Image License: MGN Photo: Netflix

Awareness: What viewers do after watching the series is important, local expert says.

Netflix's newest series, "13 Reasons Why" is getting a lot of feedback, both positive and negative.

Some say the series is doing more harm than good, claiming it glamorizes, even romanticizes suicide. Others, are just happy the series is shedding light on an often overlooked issue.

The series, based on the best-selling novel by Jay Asher, tells the story of high school student Hannah Baker, who commits suicide but leaves behind 13 tapes revealing her reasons for doing so.

Whether you love the premise or hate it, Roger McBride, president of the National Alliance of Mental Illness (NAMI) in Pensacola said there's a bigger issue at hand.

"It doesn't bring to the forefront mental illness, which is a big cause of suicide," said Roger. "Ninety percent of people who commit suicide have an underlying mental illness. I don't think we should be entertained by suicide; I think we should be educated on what leads to it."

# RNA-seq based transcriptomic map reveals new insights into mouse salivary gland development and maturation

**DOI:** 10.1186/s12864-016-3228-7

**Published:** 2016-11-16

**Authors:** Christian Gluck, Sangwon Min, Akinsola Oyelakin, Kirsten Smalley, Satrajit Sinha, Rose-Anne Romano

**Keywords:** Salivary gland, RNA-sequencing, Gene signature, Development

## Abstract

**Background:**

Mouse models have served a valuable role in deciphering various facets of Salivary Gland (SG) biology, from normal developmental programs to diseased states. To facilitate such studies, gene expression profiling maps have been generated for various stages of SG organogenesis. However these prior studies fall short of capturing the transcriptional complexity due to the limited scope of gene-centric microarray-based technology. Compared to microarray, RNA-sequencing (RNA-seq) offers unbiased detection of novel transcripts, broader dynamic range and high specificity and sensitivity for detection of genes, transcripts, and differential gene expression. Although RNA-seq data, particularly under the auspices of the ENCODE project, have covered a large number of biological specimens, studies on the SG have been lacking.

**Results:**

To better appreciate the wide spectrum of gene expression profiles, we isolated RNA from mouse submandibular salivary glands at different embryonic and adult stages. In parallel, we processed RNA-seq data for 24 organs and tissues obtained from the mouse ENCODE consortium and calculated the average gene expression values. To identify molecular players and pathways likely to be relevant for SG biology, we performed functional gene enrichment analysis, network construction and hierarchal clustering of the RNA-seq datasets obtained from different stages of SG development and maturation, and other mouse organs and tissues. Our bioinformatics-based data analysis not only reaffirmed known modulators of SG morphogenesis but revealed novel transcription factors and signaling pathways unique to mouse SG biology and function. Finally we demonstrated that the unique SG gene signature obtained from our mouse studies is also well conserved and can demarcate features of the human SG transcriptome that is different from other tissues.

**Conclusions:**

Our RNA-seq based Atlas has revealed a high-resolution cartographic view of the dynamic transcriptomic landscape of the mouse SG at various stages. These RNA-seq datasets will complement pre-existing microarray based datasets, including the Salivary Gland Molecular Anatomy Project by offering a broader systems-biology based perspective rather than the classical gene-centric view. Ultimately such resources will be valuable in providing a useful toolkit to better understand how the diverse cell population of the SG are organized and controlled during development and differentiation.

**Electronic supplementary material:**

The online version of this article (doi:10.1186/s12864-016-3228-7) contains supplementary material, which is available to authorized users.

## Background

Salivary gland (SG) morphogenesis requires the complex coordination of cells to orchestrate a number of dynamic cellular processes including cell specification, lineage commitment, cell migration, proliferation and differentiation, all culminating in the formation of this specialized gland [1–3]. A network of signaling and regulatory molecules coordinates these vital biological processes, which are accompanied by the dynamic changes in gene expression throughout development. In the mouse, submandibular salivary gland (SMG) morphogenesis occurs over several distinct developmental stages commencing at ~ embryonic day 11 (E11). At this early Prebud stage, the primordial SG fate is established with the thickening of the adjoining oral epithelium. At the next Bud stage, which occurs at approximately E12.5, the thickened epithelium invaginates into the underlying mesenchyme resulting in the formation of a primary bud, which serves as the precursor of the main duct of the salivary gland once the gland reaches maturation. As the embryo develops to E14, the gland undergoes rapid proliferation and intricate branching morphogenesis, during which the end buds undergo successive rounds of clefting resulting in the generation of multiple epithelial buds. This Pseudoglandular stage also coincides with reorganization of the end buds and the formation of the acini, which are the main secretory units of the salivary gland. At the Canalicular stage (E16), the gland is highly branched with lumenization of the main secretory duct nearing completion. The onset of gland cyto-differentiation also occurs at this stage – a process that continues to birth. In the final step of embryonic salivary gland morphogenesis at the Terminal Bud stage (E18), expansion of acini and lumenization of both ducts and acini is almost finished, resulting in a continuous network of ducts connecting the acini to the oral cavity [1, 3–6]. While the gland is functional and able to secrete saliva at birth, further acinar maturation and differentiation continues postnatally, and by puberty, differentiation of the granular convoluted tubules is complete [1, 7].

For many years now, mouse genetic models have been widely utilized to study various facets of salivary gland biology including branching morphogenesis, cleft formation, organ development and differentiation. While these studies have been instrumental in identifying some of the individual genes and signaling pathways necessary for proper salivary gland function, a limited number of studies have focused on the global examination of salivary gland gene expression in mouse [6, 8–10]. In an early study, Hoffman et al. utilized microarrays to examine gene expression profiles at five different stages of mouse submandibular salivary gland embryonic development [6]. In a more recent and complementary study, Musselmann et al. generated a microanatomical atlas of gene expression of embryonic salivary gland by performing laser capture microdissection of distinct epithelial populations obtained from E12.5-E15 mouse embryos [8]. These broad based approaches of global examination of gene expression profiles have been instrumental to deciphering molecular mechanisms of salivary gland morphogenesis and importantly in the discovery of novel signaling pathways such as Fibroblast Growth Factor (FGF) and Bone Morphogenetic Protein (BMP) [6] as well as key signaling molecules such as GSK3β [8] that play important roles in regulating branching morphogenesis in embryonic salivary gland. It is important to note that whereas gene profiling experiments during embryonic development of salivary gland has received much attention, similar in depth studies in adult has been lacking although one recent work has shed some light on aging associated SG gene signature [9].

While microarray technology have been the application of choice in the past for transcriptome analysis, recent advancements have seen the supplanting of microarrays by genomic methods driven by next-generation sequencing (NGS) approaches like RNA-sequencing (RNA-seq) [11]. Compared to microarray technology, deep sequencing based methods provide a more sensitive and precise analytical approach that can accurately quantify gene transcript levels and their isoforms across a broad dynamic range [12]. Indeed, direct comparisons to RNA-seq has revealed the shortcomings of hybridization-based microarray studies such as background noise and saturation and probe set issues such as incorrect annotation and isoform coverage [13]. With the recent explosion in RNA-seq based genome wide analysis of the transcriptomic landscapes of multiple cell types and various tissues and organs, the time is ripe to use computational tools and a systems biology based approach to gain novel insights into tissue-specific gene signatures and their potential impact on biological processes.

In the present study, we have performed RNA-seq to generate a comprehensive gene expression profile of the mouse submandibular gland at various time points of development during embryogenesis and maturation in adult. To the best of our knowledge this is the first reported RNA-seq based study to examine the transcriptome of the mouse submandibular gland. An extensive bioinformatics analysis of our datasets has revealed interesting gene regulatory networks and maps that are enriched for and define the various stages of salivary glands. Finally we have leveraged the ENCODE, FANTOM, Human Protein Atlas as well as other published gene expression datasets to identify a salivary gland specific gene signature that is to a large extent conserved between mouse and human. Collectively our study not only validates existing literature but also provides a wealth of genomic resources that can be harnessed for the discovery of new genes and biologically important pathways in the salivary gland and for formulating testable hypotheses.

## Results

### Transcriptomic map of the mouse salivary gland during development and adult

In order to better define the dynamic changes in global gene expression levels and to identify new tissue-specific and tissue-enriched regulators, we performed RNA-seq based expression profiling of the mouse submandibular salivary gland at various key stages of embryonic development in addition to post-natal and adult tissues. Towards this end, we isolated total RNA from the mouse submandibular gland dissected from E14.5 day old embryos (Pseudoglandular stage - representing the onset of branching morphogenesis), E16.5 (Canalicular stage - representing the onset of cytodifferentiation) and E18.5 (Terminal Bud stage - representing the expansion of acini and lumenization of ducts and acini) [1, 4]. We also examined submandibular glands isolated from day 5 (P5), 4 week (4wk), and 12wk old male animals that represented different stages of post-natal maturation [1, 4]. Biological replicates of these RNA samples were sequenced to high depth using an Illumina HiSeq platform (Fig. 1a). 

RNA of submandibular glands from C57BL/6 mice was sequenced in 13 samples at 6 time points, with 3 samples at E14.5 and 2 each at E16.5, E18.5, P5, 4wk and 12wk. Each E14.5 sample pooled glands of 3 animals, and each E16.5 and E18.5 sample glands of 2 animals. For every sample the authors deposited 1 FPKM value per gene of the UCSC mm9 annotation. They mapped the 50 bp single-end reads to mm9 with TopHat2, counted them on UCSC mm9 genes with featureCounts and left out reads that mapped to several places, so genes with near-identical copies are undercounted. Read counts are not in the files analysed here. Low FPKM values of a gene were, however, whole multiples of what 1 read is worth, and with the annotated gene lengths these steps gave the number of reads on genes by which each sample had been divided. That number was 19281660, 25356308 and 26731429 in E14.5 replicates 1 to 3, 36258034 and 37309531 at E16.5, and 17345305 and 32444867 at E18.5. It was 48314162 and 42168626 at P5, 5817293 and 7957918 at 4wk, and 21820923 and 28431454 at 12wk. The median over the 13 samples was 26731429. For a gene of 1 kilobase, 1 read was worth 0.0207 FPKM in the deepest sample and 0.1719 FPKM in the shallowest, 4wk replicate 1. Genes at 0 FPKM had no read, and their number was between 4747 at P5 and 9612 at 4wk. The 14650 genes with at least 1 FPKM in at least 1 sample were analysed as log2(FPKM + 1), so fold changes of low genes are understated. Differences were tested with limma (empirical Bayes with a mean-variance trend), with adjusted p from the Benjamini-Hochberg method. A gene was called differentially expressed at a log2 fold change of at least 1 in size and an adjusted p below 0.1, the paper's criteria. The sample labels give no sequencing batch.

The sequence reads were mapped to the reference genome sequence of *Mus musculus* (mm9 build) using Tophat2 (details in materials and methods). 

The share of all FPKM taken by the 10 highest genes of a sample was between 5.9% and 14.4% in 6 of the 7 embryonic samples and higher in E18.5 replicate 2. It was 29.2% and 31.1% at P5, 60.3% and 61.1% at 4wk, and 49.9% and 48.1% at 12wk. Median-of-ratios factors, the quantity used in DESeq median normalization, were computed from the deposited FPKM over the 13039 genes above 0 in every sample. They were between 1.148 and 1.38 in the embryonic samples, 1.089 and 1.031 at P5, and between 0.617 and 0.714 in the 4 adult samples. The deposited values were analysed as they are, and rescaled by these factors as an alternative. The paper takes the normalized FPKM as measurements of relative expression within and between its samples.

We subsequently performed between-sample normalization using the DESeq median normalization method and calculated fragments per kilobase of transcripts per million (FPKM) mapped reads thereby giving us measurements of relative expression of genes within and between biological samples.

Roger said glorifying the issue of suicide is one of the worst outcomes viewers could take away, but adds some good can come from the show - it just depends on what the viewer does after watching.

"The fact that the show has sparked conversations on the internet and social media communication, it's definitely a good thing," said Roger. "Anything that raises awareness is going to be good. What we do with that awareness is the issue. We need to take that awareness and mold that into how do we prevent suicide and how do we help people with mental illness."

If you think someone is suffering from mental illness or may be contemplating suicide, Roger said look out for red flags. Persistent helplessness, hopelessness and sadness are indicators that something is wrong - all common themes seen throughout the show.

For around the clock advice or help, contact National Suicide Prevention services by calling 1-800-273-8255 or text 'connect' to 741-741.